Implementing new recommendations for the use of MRI in patients with MS will be a challenge in terms of education and adherence; Scott D. Newsome, DO, and David Li, MD, FRCPC, discuss the next steps to increase awareness for both patients and providers.
“When you come up with a standardized protocol, one of the first things people [ask] is, ‘Is it going to benefit me? Is it going to be faster? Will I be able to save time?’ And so, there’s a lot of education; we need to convince people that not only will this be good for them, in terms of how they’re reading the scans, but it’ll be good for their patients. But more importantly, it’s not going to cost them time.”
Consensus guidelines for the use of MRI in patients with multiple sclerosis (MS) provide opportunities for unification in treatment practices, ultimately providing benefit to patients and providers alike. Scott D. Newsome, DO, president, CMSC, director, Neurosciences Consultation and Infusion Center at Green Spring Station, and associate professor of neurology, Johns Hopkins Medicine; and David Li, MD, FRCPC, professor of radiology, associate member in neurology, and director, Multiple Sclerosis/MRI Research Group, University of British Columbia, discussed some of the educational approaches that can be taken in the important processes of implementing standardization practices.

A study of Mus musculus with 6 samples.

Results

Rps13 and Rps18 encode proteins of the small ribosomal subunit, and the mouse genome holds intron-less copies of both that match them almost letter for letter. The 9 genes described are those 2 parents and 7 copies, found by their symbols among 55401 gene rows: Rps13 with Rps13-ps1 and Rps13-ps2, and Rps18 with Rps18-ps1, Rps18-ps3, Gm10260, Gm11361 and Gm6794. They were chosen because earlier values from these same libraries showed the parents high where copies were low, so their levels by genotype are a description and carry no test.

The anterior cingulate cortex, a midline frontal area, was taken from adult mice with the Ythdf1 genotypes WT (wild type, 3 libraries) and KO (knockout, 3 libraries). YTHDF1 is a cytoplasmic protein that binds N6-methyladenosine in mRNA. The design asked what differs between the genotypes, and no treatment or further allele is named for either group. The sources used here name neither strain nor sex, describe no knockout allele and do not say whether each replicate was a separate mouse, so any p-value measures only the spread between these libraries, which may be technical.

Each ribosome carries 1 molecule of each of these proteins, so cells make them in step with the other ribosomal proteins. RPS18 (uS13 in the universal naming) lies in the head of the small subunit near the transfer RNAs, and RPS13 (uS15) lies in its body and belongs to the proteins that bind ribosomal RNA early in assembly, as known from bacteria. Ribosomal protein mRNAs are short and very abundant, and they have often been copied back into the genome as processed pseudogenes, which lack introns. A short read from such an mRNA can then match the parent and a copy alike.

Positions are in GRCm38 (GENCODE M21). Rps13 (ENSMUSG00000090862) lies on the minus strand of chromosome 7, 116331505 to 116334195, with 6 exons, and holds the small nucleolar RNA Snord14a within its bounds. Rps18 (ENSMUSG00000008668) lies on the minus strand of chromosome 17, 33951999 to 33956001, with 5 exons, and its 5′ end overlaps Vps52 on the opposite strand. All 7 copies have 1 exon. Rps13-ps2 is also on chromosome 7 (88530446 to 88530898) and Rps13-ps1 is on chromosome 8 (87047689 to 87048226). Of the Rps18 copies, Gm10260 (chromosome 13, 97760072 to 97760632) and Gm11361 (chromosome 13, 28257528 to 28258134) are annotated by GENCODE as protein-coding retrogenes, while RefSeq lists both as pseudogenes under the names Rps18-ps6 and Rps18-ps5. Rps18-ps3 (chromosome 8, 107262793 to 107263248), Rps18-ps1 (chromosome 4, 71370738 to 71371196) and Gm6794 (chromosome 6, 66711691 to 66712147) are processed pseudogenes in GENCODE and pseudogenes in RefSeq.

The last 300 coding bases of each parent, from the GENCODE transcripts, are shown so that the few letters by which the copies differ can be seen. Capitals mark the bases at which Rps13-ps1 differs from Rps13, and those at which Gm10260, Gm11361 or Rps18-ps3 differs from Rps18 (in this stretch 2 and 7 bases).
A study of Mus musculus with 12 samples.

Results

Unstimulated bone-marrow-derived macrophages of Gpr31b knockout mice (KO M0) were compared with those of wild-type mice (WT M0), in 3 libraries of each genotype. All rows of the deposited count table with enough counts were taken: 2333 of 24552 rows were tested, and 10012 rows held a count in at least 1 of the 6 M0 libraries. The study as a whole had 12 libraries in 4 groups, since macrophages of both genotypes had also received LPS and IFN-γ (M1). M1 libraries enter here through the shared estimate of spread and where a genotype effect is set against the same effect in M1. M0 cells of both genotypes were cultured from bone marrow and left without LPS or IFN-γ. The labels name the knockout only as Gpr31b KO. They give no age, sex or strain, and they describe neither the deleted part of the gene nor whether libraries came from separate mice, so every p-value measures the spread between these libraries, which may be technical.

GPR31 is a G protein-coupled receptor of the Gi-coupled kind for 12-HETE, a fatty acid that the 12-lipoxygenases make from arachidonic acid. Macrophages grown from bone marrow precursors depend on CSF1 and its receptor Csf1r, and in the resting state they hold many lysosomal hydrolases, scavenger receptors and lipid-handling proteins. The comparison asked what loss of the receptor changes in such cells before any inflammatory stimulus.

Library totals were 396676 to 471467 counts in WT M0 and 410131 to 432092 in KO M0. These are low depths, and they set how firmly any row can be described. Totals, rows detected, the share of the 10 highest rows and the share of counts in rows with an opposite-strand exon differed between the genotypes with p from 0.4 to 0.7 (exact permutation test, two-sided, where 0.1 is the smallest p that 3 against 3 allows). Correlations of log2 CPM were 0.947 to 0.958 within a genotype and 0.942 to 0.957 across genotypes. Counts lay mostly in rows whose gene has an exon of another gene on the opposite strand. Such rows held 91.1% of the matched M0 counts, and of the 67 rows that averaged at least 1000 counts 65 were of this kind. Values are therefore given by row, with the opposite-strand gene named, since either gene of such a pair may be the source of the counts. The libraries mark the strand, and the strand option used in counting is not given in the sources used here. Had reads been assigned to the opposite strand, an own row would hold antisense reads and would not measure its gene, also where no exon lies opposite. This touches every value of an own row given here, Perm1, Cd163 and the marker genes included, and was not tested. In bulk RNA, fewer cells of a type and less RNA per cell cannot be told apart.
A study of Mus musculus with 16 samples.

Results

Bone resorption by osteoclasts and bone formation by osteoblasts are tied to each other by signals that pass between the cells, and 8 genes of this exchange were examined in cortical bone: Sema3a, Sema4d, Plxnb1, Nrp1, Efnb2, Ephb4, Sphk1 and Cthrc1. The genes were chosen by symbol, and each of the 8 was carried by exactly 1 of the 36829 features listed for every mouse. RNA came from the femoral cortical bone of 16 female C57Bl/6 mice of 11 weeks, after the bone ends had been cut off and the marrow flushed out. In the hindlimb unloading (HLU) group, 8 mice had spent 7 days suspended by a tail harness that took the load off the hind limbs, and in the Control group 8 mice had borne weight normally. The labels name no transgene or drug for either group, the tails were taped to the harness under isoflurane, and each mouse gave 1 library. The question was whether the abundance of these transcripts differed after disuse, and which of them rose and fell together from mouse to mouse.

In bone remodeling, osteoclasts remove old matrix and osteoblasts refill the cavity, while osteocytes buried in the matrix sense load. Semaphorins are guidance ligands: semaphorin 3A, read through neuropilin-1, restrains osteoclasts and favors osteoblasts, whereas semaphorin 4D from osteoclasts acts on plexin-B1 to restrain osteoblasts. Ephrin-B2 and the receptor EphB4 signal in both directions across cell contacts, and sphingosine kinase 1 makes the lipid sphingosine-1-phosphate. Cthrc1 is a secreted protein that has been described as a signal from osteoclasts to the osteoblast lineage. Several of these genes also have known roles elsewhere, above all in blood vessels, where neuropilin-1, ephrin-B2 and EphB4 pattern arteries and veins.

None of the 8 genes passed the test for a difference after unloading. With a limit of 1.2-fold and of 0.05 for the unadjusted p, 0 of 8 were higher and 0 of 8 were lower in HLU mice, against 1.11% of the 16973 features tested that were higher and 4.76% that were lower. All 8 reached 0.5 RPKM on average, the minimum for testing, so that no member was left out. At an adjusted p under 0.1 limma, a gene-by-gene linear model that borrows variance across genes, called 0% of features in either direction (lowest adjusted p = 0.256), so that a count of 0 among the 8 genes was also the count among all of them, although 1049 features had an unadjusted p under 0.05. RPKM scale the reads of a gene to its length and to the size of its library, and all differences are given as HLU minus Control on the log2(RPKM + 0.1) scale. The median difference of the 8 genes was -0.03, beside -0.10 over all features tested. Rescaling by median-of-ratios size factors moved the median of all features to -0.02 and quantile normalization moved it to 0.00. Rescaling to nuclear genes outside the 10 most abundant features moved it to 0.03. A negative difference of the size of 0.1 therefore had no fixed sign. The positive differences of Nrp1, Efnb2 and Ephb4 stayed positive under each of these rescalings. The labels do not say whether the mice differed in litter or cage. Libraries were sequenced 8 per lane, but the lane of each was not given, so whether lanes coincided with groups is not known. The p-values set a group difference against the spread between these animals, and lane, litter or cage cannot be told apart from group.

In conversation with NeurologyLive, Newsome and Li spoke on distributing information to providers who may not be able to attend conferences, as well as familiarizing patients with the guidelines as an invaluable aspect of their treatment. Focus on special populations, namely pediatrics and pregnant patients, is another crucial aspect of the consensus recommendations, according to experts, in providing specified care guidance.
The new protocols were published and developed by the Magnetic Resonance Imaging in Multiple Sclerosis (MAGNIMS) study group; the Consortium of Multiple Sclerosis Centers (CMSC); and the North America Imaging in Multiple Sclerosis (NAIMS) MRI Guidelines working group. Developed by experts in North America and Europe in response to technological advancements, new safety data, and numerous clinical updates, the guidelines establish a consensus for the use of MRI in patients with MS for the first time.